Pennsylvania Assembly Committee: Report on the Dock
Printed in Votes and Proceedings of the House of Representatives, 1762–1763 (Philadelphia, 1763), p. 23.
“A Remonstrance and Petition from divers Inhabitants” of Philadelphia was presented to the Assembly, Jan. 24, 1763, complaining, among other things, that the public dock or creek in the southern part of the city4 was “in a great Measure useless, and in its present Condition a Recepticle for the Carcases of dead Dogs, and other Carrion, and Filth of various Kinds,” and had become most offensive and injurious to health. The petitioners pointed out that the dock might be rendered navigable for small craft and useful for conveying firewood, building materials, and other necessaries if properly cleaned, walled, and provided with a plank bottom. Another petition read the next day asked for a law for cleansing the dock and keeping it open under proper regulations.5 The Assembly considered these complaints, February 3, and appointed a committee of six members, including Franklin, to inquire into the condition of the dock, find whether there were any private claims on it, and determine what sites suitable for public landings might be available for purchase along the river front. The committee reported six days later.6
[February 9, 1763]
The Committee appointed to enquire into the State of the Dock, the private Claims thereon, and whether any suitable Lots for public Landings are to be purchased, beg Leave to report to the House,
That they have enquired into the State of the Dock, and find it very necessary for the public Utility that the same be cleansed, and properly walled; and that they cannot find that any Persons have any just and legal Claims to the said Dock, or the Streets laid out adjoining thereto; and that they apprehend convenient Lots for Landings for the City of Philadelphia, may be purchased at a reasonable Price, above and below the City, on the River Delaware.7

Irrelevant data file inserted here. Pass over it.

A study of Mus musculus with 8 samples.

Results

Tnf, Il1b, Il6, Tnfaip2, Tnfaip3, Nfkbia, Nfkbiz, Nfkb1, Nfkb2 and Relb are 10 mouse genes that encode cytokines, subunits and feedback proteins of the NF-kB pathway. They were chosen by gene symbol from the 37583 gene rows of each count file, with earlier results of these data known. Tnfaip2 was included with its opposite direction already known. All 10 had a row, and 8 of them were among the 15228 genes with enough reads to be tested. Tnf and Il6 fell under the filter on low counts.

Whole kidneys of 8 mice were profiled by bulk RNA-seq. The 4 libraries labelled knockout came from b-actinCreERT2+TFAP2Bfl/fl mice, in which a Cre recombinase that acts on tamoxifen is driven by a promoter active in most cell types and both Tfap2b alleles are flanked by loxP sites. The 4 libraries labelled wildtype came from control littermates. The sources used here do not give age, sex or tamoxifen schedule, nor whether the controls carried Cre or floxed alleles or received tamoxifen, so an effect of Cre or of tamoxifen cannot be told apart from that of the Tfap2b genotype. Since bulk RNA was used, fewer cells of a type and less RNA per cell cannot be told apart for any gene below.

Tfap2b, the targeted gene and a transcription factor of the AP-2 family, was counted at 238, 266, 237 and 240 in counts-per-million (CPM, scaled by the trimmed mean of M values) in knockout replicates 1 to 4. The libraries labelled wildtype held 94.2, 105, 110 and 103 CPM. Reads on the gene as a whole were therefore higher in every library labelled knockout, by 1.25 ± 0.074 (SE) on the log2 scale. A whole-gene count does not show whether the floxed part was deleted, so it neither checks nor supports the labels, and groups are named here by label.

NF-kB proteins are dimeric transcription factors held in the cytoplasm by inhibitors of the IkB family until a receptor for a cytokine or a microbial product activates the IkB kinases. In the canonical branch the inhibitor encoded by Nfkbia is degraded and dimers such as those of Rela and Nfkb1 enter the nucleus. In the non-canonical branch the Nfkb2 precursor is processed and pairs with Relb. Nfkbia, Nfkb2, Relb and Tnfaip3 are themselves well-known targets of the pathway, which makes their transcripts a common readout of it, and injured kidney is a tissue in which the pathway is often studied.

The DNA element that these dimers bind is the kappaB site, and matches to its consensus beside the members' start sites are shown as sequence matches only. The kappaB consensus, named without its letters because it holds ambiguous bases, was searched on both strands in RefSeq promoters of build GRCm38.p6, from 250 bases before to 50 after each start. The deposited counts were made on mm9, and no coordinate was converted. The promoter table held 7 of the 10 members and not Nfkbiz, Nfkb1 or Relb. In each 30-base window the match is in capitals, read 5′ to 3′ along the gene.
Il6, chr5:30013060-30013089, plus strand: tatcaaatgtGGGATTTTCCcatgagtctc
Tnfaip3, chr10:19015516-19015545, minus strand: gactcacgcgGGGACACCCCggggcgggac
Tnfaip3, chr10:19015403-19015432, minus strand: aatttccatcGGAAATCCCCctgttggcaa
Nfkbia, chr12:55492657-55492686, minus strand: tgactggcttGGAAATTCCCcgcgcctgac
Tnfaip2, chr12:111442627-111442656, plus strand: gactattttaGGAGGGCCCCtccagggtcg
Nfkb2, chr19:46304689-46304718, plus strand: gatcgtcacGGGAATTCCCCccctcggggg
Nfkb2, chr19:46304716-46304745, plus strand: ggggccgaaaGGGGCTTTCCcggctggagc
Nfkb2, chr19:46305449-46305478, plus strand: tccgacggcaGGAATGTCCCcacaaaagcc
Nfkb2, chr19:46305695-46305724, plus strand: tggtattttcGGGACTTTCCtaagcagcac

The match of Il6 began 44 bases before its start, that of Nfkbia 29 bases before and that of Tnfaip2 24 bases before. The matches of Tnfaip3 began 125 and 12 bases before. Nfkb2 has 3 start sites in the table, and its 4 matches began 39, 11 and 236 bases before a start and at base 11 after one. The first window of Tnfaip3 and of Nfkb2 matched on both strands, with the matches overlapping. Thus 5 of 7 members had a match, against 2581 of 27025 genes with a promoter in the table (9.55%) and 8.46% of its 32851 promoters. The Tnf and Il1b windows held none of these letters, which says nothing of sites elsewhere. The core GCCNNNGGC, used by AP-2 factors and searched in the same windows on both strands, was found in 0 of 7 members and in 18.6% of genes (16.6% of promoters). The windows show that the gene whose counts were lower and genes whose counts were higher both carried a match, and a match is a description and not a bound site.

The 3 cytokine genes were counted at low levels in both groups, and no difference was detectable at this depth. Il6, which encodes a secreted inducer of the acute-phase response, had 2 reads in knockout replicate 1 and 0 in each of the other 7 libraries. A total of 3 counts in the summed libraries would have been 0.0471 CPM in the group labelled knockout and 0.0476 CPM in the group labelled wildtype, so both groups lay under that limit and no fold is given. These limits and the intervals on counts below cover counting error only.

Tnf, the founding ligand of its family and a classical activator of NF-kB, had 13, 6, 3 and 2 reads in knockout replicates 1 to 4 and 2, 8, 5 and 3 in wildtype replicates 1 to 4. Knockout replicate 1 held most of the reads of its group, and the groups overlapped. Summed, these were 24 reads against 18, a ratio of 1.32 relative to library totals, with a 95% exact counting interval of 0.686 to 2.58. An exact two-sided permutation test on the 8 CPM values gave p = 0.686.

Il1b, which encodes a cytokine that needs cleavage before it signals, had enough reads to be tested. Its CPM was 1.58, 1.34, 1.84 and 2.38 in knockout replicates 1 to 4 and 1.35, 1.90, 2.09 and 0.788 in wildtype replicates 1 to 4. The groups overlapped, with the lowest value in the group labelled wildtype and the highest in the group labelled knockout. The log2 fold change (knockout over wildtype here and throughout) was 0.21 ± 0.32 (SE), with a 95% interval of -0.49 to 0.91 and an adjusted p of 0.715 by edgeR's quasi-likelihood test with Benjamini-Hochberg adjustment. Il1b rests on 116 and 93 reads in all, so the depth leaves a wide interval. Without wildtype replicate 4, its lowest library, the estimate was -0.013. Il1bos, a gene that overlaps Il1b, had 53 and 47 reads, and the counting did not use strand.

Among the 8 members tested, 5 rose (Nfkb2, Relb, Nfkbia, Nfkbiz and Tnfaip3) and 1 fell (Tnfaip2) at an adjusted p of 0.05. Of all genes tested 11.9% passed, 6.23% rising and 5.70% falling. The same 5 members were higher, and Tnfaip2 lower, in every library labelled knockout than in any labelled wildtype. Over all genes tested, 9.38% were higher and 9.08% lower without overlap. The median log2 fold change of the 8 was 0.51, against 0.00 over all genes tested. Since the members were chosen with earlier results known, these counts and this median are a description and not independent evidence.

4. For the location of the dock and creek see the map of Philadelphia, above, II, facing p. 456.
5. Fifteen years earlier, in February 1748, BF had been on a committee of the Philadelphia City Council to consider what should be done about the dock and the swamp out of which the creek flowed. The committee had recommended extensive improvements, but nothing of lasting benefit had been done because of the expense involved. See above, III, 276–9.
6. Votes, 1762–63, pp. 15, 21, 23.
7. The six members of this committee had already been appointed, January 28, to bring in a bill supplementary to the act of 1762 for paving the city streets. The committee now incorporated in that measure clauses authorizing the purchase of one convenient lot on the river “at or near each side of the said city” as public landing places, directing the street commissioners to clean, repair, and make navigable the dock, and requiring owners of lots on the streets flanking it to wall in with stone at their own expense their sections of its banks. This bill became law, March 4, 1763. Another act approved the same day contained a clause to forbid throwing any “carcase, carrion or filth,” or any dirt or rubbish into the dock under penalty of 40s. fine. Votes, 1762–63, pp. 18, 24, 28, 29, 32, 35–36; Statutes at Large, Pa., VI, 232, 238–40.